Baby Pygmy

Discussion in 'Goats' started by Jena, Jan 24, 2005.

  1. Jena

    Jena Well-Known Member

    Aug 13, 2003
    My pygmy had kids yesterday and caught me totally by surprise. One froze the other was not in good shape, but is doing better. I kept him in the house last night because it took so long to get him warmed up, I didn't think he could maintain his temp. much does a little pygmy kid eat at a time? I've been feeding him every time he whines and will accept the bottle. He doesn't take much, but I figured as weak as he was, it was better to give him bits at a time. It's been a looooong night and I would like to get him down to a few feedings a day.

    Will I be able to get him back outside with mom anytime soon? He's getting around, but not "bouncy". I am afraid a re-chilling will do him in. How do I know when he's ready to go back out? I do plan to take him for momma visitation for short periods so they stay connected to each other.

    I really don't want a bottle baby, but I end up with something every year. Last year it was pigs <sigh>

  2. Wendy

    Wendy Well-Known Member

    May 9, 2002
    SE Indiana
    The first day I bottle feed mine about every 3-4 hours as much as they will take. Day 2 I stretch it out to every 6 hours. I do not feed through the night. I give a late bottle around midnight & again about 7:00 a.m. There really is no need to wake yourself in the middle of the night to give them one. If in a dark barn, it would be highly unlikely that the doe would feed them much through the night when they are bedded down. By day 4, they are down to 2 bottles a day. I have bottle fed Pygmies & Nubians this way for years & have never had one starve. Quite the opposite. By waiting longer, they are vigorous eaters because they are hungrier.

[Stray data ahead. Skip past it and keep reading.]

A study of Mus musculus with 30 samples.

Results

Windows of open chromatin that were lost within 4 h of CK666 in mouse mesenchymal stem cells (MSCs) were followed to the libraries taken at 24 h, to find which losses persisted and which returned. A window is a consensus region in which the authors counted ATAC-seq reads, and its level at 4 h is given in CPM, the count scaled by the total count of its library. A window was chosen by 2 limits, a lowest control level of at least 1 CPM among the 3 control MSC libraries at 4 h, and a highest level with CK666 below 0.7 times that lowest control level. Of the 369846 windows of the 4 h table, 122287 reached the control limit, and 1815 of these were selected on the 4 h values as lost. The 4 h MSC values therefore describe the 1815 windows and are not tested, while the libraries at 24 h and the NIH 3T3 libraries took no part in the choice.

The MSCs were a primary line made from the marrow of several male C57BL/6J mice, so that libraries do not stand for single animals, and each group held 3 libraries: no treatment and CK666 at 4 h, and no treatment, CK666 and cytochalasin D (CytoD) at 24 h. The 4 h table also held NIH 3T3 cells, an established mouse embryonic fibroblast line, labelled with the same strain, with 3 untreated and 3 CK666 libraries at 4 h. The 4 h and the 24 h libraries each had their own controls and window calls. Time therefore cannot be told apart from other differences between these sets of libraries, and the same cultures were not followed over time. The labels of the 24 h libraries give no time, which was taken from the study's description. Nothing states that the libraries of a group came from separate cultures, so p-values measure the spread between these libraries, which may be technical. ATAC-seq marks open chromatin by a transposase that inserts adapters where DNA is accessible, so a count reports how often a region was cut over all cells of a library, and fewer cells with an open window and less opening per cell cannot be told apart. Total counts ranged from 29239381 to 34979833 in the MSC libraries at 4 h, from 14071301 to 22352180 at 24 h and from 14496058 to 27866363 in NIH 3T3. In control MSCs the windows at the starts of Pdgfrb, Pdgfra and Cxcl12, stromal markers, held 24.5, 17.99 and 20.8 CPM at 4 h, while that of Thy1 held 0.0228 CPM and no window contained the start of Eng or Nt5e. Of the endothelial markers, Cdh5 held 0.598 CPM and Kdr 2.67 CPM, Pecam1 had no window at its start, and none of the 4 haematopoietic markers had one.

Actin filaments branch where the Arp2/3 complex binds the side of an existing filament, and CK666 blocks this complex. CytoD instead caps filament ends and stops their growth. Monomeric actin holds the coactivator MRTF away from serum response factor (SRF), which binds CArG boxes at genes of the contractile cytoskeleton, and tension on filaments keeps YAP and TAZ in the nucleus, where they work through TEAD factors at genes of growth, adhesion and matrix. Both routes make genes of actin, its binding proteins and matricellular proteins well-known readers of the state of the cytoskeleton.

3. Vicki McGaugh TX Nubians

    Vicki McGaugh TX Nubians Well-Known Member

    May 6, 2002
    North of Houston TX
    A really good way to warm a chilled newborn is to put them into a warm 102 degree sink full of water. Adding warm water so the temp stays constant, keeping their head above the water. Keep adding new water until his mouth is no longer cold. Let the water out and add towels into the sink until he is perfectly dry, using a blow dryer. Now take more barn towels and put them into your dryer, heat them up and set him in the dryer (with it off) in the warm towels while you go warm up his colostrum. Do not tube or feed a kid until you have their body temp up.

    Are you milking the mom and feeding the kid the colostrum? With a warm belly full of colostrum or milk put a sweatshirt sleeve on him for added warmth and let him stay with mom during the days. Goats can take brisk and cold, they can't take blowing cold without shelter, or of course wet. The kids die when born because they are not dried fast enough, but once dry they are fine in the cold. Course it's a whole 50 degrees here today :) And that's cold for noon in my area! Shoot may be a record breaker.....Na, but close. Vicki
  4. debitaber

    debitaber Well-Known Member

    Jun 6, 2003
    I keep mine in the house when they are born for the first week or so, but then we just had a blizzard. so I will have two. I have 3 due any time now. and I feed, four times a day, for fist week. the first night the last bottle is around 2am. then I feed again in the morning.